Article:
OSINT vs CSINT: understanding the difference

19 May, 2023

By the CameraForensics team

OSINT vs CSINT: understanding the difference

Closed-source Intelligence (CSINT) may not be as widely known as OSINT, but it can deliver similarly transformative intelligence to online investigators. 

Compared to OSINT, CSINT normally refers to information not commonly found in the public domain.  Video analysis tools, specialist datasets, and AI imagery detectors are all examples of CSINT tools, – enabling investigators to take advantage of the latest developments and technology to further their research.  

Below, we’re going into more detail on what CSINT involves, the benefits that using CSINT can bring to investigations, as well as the times at which OSINT and CSINT approaches are the most effective. 


Open-source intelligence – a refresher 

Open-source intelligence (OSINT) can provide investigators with effective and valuable insights using information already available in the public domain. 

OSINT tools are, naturally, open to use. Spanning geographic data, social media data, information found on public directories and more, OSINT provides users with the chance to complete their research, discover new clues, or verify the identity of a perpetrator or victim.  

However, OSINT tools can’t always perfectly deliver the key insights that investigators need. Software may not be user friendly or accessible – and may not offer support in the event of glitches or errors.  

Want to learn more? Explore the wide range of OSINT sources. 


How is OSINT different from CSINT? 

In addition to proprietary tools and software, CSINT may also involve the use of classified information, such as intercepted communications or data from surveillance systems. While this type of information isn’t accessible to the public, it may be available to authorised investigators.  

Due to the confidential nature of this data, CSINT tools are more likely to involve developed and specialist platforms – usually gated through licences, subscriptions, or gated access. In contrast, OSINT tools are publicly available in directories like this


Which approach is right for you? 

Both OSINT and CSINT tools can be valuable for online investigators. However, choosing the right digital tool to gather information is like picking the right physical tool for the job. Just as you wouldn’t use a hammer to screw in a nail, you need to carefully select the right method to obtain the valuable and relevant information you need.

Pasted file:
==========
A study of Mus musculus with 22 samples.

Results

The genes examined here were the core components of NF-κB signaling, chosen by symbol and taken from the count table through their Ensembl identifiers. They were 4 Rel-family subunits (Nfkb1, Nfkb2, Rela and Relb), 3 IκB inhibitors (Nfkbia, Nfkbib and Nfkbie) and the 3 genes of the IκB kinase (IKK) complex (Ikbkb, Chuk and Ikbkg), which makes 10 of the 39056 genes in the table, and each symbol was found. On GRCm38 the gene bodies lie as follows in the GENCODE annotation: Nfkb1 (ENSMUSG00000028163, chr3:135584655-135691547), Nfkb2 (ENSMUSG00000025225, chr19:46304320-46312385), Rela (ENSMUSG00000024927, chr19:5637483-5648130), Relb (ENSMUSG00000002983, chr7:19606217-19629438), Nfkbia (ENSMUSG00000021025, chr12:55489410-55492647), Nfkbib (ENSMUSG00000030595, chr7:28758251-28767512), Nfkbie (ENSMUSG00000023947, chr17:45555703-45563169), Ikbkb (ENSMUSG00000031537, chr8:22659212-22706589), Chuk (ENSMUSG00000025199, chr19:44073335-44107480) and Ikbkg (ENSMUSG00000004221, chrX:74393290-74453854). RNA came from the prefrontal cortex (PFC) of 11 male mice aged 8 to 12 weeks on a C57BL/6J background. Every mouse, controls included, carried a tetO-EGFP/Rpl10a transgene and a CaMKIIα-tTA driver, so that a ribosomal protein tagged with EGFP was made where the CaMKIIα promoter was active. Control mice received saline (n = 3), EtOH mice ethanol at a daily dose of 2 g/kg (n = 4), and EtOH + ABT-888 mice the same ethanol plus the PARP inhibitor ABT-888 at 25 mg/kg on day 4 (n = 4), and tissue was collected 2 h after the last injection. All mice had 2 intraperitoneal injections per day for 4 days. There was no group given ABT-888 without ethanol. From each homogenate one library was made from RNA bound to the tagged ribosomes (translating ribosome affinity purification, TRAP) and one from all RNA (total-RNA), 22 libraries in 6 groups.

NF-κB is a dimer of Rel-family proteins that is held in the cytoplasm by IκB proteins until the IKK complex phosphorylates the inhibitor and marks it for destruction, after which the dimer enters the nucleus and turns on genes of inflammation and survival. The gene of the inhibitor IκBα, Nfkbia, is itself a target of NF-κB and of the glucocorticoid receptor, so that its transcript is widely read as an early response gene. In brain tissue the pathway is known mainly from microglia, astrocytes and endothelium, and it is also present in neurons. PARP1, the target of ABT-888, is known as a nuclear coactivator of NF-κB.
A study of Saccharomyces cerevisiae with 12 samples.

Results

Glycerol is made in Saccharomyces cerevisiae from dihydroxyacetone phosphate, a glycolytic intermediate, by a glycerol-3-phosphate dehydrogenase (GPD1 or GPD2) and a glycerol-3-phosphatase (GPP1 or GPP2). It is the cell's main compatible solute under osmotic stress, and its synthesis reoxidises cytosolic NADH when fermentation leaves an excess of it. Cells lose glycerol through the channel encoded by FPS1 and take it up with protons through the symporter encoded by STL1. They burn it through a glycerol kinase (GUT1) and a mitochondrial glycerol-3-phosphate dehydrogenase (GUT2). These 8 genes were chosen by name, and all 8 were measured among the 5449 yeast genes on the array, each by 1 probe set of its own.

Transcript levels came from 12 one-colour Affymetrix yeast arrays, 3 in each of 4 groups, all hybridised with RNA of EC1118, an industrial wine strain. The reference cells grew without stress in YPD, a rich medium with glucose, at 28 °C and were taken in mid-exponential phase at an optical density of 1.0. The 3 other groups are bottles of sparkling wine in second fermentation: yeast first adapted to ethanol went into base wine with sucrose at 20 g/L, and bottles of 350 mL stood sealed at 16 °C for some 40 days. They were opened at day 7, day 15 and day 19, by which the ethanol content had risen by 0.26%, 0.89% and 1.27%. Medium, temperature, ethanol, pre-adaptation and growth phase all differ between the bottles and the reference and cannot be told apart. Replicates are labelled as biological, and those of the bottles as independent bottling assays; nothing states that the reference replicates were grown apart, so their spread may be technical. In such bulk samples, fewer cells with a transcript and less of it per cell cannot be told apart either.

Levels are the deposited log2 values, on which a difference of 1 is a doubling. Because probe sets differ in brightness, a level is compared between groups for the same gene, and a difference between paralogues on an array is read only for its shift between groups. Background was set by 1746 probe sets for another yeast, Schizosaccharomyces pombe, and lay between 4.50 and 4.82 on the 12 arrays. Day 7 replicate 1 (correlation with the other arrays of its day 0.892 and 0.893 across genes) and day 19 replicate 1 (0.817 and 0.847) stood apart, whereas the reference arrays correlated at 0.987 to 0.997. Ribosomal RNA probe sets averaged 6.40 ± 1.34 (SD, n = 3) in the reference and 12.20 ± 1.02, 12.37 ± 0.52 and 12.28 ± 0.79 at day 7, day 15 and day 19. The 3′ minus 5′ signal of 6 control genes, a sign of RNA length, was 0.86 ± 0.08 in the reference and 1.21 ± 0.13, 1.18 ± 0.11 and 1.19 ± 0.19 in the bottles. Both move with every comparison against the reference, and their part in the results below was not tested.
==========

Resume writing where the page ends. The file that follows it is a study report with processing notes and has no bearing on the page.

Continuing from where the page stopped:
Ultimately, the choice between OSINT and CSINT tools will depend on the specific requirements of your investigation. It’s also possible that a combination of both types of tools is necessary to achieve your goals. 


Consider the purpose of your research 

Identify the type of information you need access to before you begin approaching different tools.  

It’s no surprise that different types of research require different approaches, and while some OSINT directories can help narrow this down, they may not provide the information you need.

CSINT examples 

Specific, confidential, or specialist information available to select users, including: 

  • Analysis and specialist forensics tools 
  • Classified geolocation services 
  • Confidential datasets supplied by law enforcement agencies 

OSINT examples 

Publicly available information such as:  

  • Usernames 
  • Social media posts 
  • Phone/email verification 
  • Limited geographic knowledge found in the public domain 

While many tools – both OSINT and CSINT – are user friendly and require minimal technical knowledge, some CSINT tools can be more complex and difficult to use. Consider whether you have the necessary skills and training to use the tool you choose. If not, reach out to the developers for any training resources they may have – many are more than happy to help.

Aiding online investigations 

Through R&D projects, a global network of partners, and our own CSINT tools, we’re dedicated to helping investigators further their research in any way possible. To learn more, why not visit our blog? There, we cover a wide range of topics, offering insights on the latest image forensics news, a glossary of terms, and more.